Dear 'GMA' Advice Guru:Vicki Iovine

Read responses to viewer-submitted questions from one of our finalists.

December 8, 2010 -- Vicki Iovine from Los Angeles, Calif., is a finalist in the Dear GMA Advice Guru Contest. Read her response to a viewer-submitted question below!

Question from Tyna in Boiling Springs, S.C.: "I'm a single mom and my 9-year-old son was just diagnosed with attention deficit hyperactivity disorder (ADHD). The doctor wants to put him on medicine? I didn't think his behavior was that bad (his teachers disagree), but I am concerned about his grades slipping. Do you think I should let them put him on medication?"

Vicki's Answer:

Welcome to the club of Mothers of Disruptive Children, Tyna! Being told by your son's teacher that your darling is not toeing the line in class creates a sort of panic in a parent. One of my four was diagnosed at about the same age as having a similar attention problem and I was wracked with panic. Would he ever go to college? Was I crazy for not seeing the problems in him that the school saw? Would I spend my golden years visiting him in prison? Was it all my fault?

Take a deep breath and remember that you can approach this ADHD thing in several steps, all of which can be reversed at any time. Oh, and btw, my son is now 22 years old and he not only went to a good college, but he has a great career and supports himself! Yay!

The first step is to get a second opinion about the diagnosis of ADHD. Most states' public schools offer a free full diagnosis of a student's learning abilities AND suggestions for helping them cope in school. This usually takes a half-day or two visits. Ask for it, if you haven't already, because unqualified people throw labels on our kids with little or no real expertise.

Unless your son's pediatrician is also experienced in diagnosing educational/behavioral issues, I don't think a person who has only seen your child once or twice a year for a maximum of thirty minutes or to stitch up his forehead is in the position to know whether your son needs medication for his behavior—unless you tell me that your son torched the doctor's office during his last visit.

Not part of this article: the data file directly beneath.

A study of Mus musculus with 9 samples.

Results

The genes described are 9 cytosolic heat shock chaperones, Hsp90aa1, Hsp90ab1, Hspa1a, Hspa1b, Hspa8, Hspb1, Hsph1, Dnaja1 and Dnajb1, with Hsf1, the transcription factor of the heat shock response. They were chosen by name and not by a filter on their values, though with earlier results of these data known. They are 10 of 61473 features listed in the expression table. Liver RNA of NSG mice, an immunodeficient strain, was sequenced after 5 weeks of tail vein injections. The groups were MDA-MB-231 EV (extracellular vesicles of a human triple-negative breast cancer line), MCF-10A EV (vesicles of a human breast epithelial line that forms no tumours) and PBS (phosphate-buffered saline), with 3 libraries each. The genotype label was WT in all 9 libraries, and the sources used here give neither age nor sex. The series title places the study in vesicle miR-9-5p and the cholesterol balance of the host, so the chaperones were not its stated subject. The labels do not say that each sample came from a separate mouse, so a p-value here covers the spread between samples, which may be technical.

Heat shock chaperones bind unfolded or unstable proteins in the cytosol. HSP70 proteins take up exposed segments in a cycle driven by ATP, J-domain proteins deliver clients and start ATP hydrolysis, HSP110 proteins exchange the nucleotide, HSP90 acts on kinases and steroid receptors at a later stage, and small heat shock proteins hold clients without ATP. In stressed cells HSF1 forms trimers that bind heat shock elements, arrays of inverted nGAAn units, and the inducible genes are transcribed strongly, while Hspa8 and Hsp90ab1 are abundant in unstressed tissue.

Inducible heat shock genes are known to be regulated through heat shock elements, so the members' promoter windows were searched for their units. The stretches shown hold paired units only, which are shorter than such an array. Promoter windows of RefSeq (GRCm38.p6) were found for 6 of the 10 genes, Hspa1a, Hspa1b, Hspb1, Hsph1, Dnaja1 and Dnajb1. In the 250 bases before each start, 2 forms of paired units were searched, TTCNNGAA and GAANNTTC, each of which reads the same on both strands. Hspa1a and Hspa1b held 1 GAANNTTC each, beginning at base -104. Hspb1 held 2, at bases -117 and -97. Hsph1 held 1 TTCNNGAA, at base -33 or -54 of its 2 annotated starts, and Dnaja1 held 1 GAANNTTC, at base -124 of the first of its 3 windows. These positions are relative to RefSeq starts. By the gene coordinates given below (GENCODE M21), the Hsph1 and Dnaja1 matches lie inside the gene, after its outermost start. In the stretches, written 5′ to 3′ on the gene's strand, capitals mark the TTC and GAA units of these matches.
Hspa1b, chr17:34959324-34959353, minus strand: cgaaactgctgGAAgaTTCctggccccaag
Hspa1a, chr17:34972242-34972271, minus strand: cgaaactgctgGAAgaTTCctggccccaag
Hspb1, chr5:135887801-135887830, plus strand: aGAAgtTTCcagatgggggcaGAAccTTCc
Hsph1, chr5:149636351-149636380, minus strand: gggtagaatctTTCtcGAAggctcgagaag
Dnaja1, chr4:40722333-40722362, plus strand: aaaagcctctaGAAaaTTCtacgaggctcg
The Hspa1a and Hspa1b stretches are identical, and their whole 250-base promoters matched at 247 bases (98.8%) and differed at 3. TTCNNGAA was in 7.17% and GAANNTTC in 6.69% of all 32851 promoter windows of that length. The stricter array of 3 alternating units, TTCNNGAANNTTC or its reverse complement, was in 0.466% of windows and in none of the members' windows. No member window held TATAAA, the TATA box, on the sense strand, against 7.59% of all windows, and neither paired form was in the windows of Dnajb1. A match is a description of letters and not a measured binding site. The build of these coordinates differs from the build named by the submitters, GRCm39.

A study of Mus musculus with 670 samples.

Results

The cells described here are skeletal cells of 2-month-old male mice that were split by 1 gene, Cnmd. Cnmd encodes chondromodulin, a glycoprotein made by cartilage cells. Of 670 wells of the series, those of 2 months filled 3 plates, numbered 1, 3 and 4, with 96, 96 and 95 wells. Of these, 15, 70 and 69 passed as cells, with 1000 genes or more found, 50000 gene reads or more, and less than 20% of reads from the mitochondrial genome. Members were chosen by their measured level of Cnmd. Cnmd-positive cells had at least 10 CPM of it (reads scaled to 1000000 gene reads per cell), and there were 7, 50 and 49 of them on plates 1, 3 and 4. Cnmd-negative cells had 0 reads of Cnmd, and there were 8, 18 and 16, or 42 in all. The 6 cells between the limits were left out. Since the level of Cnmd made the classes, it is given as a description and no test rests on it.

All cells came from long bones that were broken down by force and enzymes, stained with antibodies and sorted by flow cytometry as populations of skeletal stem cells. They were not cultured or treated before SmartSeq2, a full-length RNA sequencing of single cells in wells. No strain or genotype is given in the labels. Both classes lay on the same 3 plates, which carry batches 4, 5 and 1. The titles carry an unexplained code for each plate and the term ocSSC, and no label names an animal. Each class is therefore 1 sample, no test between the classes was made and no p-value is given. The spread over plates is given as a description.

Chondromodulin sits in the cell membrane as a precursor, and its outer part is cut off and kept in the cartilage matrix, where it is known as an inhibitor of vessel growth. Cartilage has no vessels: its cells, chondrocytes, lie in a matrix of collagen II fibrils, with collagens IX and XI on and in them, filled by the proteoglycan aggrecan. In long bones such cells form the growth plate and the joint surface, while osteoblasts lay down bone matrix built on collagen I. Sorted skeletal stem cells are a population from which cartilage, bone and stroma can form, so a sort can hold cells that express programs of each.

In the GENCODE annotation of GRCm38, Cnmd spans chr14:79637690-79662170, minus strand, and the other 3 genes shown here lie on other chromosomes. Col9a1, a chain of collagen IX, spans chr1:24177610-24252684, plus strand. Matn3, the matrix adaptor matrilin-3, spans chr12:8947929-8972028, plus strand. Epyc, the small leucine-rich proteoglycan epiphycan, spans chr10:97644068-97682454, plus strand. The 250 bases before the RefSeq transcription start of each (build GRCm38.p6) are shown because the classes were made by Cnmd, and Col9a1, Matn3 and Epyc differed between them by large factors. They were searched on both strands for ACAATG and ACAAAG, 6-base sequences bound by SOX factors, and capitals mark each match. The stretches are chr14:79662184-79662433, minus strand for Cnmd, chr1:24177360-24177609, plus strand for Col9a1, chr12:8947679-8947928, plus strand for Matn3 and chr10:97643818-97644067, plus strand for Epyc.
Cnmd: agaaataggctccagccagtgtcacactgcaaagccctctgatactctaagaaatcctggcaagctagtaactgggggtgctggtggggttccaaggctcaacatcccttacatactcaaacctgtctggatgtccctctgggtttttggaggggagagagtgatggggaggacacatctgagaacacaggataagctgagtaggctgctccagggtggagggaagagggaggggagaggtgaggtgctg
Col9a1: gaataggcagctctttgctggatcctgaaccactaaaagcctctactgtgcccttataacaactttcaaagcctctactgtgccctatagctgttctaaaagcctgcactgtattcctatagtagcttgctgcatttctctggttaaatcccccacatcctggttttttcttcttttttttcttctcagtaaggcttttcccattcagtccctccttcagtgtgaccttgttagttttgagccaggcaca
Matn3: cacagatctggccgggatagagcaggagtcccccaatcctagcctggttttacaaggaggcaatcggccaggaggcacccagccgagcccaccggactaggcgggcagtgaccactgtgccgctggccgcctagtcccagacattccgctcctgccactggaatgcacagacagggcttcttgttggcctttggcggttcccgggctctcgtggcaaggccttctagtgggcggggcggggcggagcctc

The second step is to try to get your son counseling from a psychologist who specializes in kids with learning issues. There are many ways of helping before resorting to meds. Who knows; perhaps your little guy is going through some emotional upset (his parents' divorce, a recent move, missing a working mom) that could also be discovered by a therapist.

The third step is to meet with the teacher and school administrators to discuss the evaluation results and to see if there are physical arrangements that can be made in class to help Junior stay focused. Ask the teacher to seat him in the front of class, or to be a "special monitor" of some classroom task to make him feel special and respected. Perhaps having him take up a sport after school can help burn up some of his wonderful energy.

The fourth step is, should all the experts agree that your son would focus and get more out of school with ADHD medication, you can try it for a month or two to see if there's an improvement. You will have to stay very vigilant to see if your child loses weight, seems listless, is less joyful or unable to sleep well. These are things only a mom can recognize. I tried the meds with my son, and he seemed "hollow" to me; his personality and sociability were so reduced that I stopped them.

And fifth, look into the possibility that your son's school just isn't the place for him. One school's annoying kid can be another's class president.

Remember, Tyna, you're your son's advocate and you're the perfect person for the job. Stay calm, take it step by step and trust your instincts—you're his mom and you're "wired" to sense what is right for him.